As I wrote before the game, the preseason doesn’t carry a lot of meaning, but the Lakers were going to come out with their best foot forward by starting out well. And while it may not be reflected in the final score, the game did offer some good glimpses of what the team is hoping to be while also being reflective of what they currently are.
Some notes from the contest:
* Byron Scott treated this game almost like a scrimmage in how he did not mix his lineups much, instead giving both his 1st and 2nd units long runs together to start each quarter. The starting group of Russell, Clarkson, Kobe, Randle, and Hibbert played almost entirely together — save for Kobe (more on him in a minute) — giving them almost the entire 1st quarter and about half of the 3rd to find a rhythm together. Similarly, the 2nd unit of Lou Williams, Jabari Brown, Nick Young, Brandon Bass, and either Robert Sacre or Tarik Black played most of the rest of the game.
*No one shot well on the night which is reflected in the team shooting a very rough 26-90(!!!) from the field. Nick Young’s 4-10 from the field was easily the best shooting performance on the night, which basically says it all. Kobe went 1-5, Randle shot 2-10, Russell 2-8, and Clarkson 4-13. Off the bench, Lou Williams went 4-12 and Bass went 2-9. Jabari Brown gunned his way to a sad 1-6. Again, just horrid shooting.
*Much of the poor shooting was due to, at least from my seat, tired legs. Many of the team’s jumpers clanged harmlessly off the front rim with others not even drawing iron at all. This isn’t to discredit the Jazz defense which did a good job of protecting the paint, especially when Rudy Gobert was anchoring the middle. HIs ability to challenge shots at the rim without fouling was key in forcing some misses inside that the team will, against softer defenses, surely convert. But, again, the team just couldn’t buy a bucket most of the night for reasons that go well beyond what the Jazz were doing.
*The Lakers’ defense showed spirit in the half court on several possessions and are clearly better protected by Hibbert this year than they were last year with Jordan Hill and Ed Davis anchoring the middle (nothing against Ed Davis, who I thought did a good job for the most part). The team’s perimeter defenders were active in the early going and had several possessions where they rotated well, covered for each other on the fly, and got their hands in passing lanes/up to contest and block shots. Jordan Clarkson looked especially frisky, fighting through screens well and lurking off the ball to get deflections and a nice blocked shot from behind when helping a teammate.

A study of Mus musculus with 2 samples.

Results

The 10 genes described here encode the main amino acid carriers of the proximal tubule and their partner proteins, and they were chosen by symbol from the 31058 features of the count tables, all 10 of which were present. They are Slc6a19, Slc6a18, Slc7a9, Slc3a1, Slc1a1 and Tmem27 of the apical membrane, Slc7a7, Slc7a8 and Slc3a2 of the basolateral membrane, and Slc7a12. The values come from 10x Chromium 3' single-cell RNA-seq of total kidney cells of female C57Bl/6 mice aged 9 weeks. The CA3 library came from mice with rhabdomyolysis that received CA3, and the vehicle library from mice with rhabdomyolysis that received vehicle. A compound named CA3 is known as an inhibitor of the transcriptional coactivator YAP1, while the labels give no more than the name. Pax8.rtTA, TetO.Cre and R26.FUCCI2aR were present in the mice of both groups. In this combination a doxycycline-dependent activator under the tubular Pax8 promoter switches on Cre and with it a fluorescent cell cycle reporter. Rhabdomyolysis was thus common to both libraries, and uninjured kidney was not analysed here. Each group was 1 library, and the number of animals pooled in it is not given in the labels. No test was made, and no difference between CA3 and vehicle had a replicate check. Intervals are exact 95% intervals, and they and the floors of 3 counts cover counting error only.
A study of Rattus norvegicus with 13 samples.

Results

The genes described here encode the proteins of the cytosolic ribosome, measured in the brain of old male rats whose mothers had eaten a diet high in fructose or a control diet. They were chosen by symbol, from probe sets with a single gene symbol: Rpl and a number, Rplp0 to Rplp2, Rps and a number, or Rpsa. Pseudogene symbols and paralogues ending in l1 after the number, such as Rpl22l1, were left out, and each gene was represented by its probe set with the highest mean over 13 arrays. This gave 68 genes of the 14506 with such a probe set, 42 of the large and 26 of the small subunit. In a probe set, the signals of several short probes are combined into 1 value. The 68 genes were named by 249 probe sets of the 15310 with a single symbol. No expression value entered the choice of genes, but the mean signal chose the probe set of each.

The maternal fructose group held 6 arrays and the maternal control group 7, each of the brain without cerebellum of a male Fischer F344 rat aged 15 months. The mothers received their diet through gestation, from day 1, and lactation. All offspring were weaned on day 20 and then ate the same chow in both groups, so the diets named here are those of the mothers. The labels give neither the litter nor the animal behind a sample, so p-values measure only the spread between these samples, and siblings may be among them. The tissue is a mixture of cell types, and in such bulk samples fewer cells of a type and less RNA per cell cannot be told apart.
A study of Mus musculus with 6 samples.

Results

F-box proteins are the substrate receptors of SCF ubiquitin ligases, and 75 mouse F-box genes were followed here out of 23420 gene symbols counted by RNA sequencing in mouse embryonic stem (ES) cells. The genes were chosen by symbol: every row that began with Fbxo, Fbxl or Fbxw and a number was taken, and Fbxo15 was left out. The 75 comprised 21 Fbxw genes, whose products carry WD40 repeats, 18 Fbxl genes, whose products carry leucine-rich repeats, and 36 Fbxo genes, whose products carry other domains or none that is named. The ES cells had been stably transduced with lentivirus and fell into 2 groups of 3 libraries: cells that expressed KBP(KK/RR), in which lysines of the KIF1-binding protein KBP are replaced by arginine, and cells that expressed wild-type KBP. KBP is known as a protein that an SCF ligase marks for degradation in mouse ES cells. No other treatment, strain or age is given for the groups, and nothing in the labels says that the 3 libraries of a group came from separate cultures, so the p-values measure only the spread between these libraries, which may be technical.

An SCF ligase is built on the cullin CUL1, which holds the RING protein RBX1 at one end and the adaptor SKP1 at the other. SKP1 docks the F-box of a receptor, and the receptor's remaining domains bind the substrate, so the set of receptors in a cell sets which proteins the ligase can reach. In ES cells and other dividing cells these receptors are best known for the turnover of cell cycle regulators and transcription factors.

*Of course, there were defensive breakdowns as well. Hibbert was clearly frustrated on more than one occasion when no one slid over to help him when he put himself on an island to help another teammate. The other big problem defensively was in transition, where the Lakers were beat often by the Jazz leaking out. One thing which contributed to their poor showing in transition was their guards — especially Russell and Clarkson — sneaking into the paint in search of offensive rebounds, leaving the floor unbalanced and susceptible to the runouts the Jazz utilized. The tired legs also showed up here too as, several times, the Jazz just ran by several Lakers who just couldn’t seem to muster the extra gear.
*I was impressed with Russell’s court vision and flair for playmaking throughout the contest. Even though he only tallied 3 assists, he had several “wow” passes which weren’t converted into baskets. Three come to mind right off the top of my head: After a backdoor cut, Kobe hit Russell who, after being challenged by Gobert, dropped off a slick pass to Hibbert who was sliding baseline, but the ball caromed off Roy’s hands; In the open court, Russell threw a nifty no look bounce pass to Randle who got fouled (taking a hard spill to the ground in the process) and couldn’t finish; After a drive to his left hand, Russell drew help at the rim and executed a beautiful pass around the helping defender to a diving Randle who wasn’t able to catch the ball cleanly and had the ball stolen. All three were next level type reads, but they just didn’t lead to assists.
*Lou Williams is fun, man. Good passing instincts, better foul drawing instincts, and an all around feel for scoring. From bombing the long ball to floaters over big men, Lou showed off a very refined offensive arsenal.
*I’ve no clue how well Marcel Huertas will be as a backup PG, but he’ll certainly fit better next to Williams than Jabari Brown. Brown played a spirited first few minutes in his first stint, but the rest of the game was simply putting his head down trying to get his own shot, missing several open teammates in the process. When Brown’s game is on, he really can score, but he needs to find a better balance.
*As noted above, Kobe only shot 1-5 while scoring 5 points. He also only played 12 minutes, going the entire 1st quarter and then sitting on the bench the rest of the game. This was clearly part of the plan and it was noted afterwards he did not suffer any injuries nor was he dealing with any other physical issues. Kobe looked a bit rusty and also did a lot of spotting up off the ball when he wasn’t setting ball screens for Russell/Clarkson in side P&R actions designed to force a switch to get him in the post. There’s really not much to say about his night beyond he looked fine for the most part, though his jumper is clearly not there yet.
Overall, there were some good takeaways from the first game and also a lot to work on. It will be interesting to see if Scott starts to mix his lineups more in the next game or if he continues to work his guys in shifts like he did Sunday night. I’m hopeful, too, that since two-a-days are now over, the players will start to find their legs and we’ll see better shooting and less heaviness when transitioning from offense to defense.